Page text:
Merricks Estate label is an 1821 lithograph by Louis de Sainson entitled Habitation de Pecheurs de Phoques au Port Western. The earliest printed image of Victoria, dated two years before the founding of Melbourne. It depicts a sealers camp between Merricks and Point Leo beach. The vineyard covers more than 3 ha and production varies between 1500 and 3000 cases, according to the season. Seasons can vary dramatically. While the location is magnificent, it comes with often difficult weather, especially in late spring and early summer when the vines are flowering and the new leaves offer little protection from gale-force winds and blinding rain. In such conditions, viticulture is crucial.
Merricks Estate uses the Scott Henry trellising system, which maximizes the light and sum available to the fruit and opens out the canopy of leaves. The leaves are the vine's solar collecters and the way they are now trellised provides greater opportunity for photosynthesis for fruit ripeness and flavour during the long ripening season. In the extended ripening before picking in April and May, flavours are concentrated and the varietal characteristics of grapes are intensified. There is tremendous diversity within each block of varietal grapes at Merricks Estate. This can be attributed to the magnificence of Mornington's mesoclimes, the highly favourable terroirs and a manifest of opportune clones.
Merricks Estate Shiraz was recognized as an exceptional wine from its earliest release. The 1984 Shiraz was named by England's prestigious Decanter magazine as one of the best wines of 1985, and was described as a wondrously spicy/peppery wine which is, at the same time hauntingly delicate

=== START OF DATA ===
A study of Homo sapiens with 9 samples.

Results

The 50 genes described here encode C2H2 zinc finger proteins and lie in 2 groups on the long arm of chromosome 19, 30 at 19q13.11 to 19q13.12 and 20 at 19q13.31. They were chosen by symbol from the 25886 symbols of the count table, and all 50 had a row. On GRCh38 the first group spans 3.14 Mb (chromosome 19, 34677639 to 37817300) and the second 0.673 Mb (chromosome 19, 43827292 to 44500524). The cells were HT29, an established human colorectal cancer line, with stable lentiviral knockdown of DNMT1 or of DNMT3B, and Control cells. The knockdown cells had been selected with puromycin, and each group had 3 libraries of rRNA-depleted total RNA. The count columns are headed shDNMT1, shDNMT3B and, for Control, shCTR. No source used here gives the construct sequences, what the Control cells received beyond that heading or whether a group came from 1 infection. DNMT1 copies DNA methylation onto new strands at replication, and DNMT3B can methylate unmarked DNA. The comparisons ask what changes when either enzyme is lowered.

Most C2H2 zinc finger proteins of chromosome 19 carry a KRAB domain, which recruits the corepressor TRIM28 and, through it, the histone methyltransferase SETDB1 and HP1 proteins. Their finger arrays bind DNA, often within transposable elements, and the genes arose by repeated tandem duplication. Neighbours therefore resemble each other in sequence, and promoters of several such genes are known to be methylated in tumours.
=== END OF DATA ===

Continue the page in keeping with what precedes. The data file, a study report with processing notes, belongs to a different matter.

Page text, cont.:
At Merricks Estate the most elusive grape, Pinot Noir, has produced superb burgundian style wines but tantalizingly low yields. It was therefore gratifying when the 1997 Pinot Noir, the first vintage to meet Royal Melbourne Show volume requirements, was awarded the trophy for Best Pinot Noir.
In a move towards crafting vintages which are more articulate of Mornington, some of the older Cabernet vines were replaced by Pinot Noir. Clones include the M4V2 (Pommard) and the Abel. The old French Pommard clone celebrated for its darker fruit, structure, density, chewy texture and sweeter nose. The Abel also originated from France adds a more savoury characteristic to the wine. Additional plantings of the auspicious MV6 have also served well. The vineyad team are always very excited about these additional clones at harvest time as they look forward to better vintages offering wines of greater complexity. The small amount of older Merlot vines have also been removed and replaced with a half acre of Chardonnay.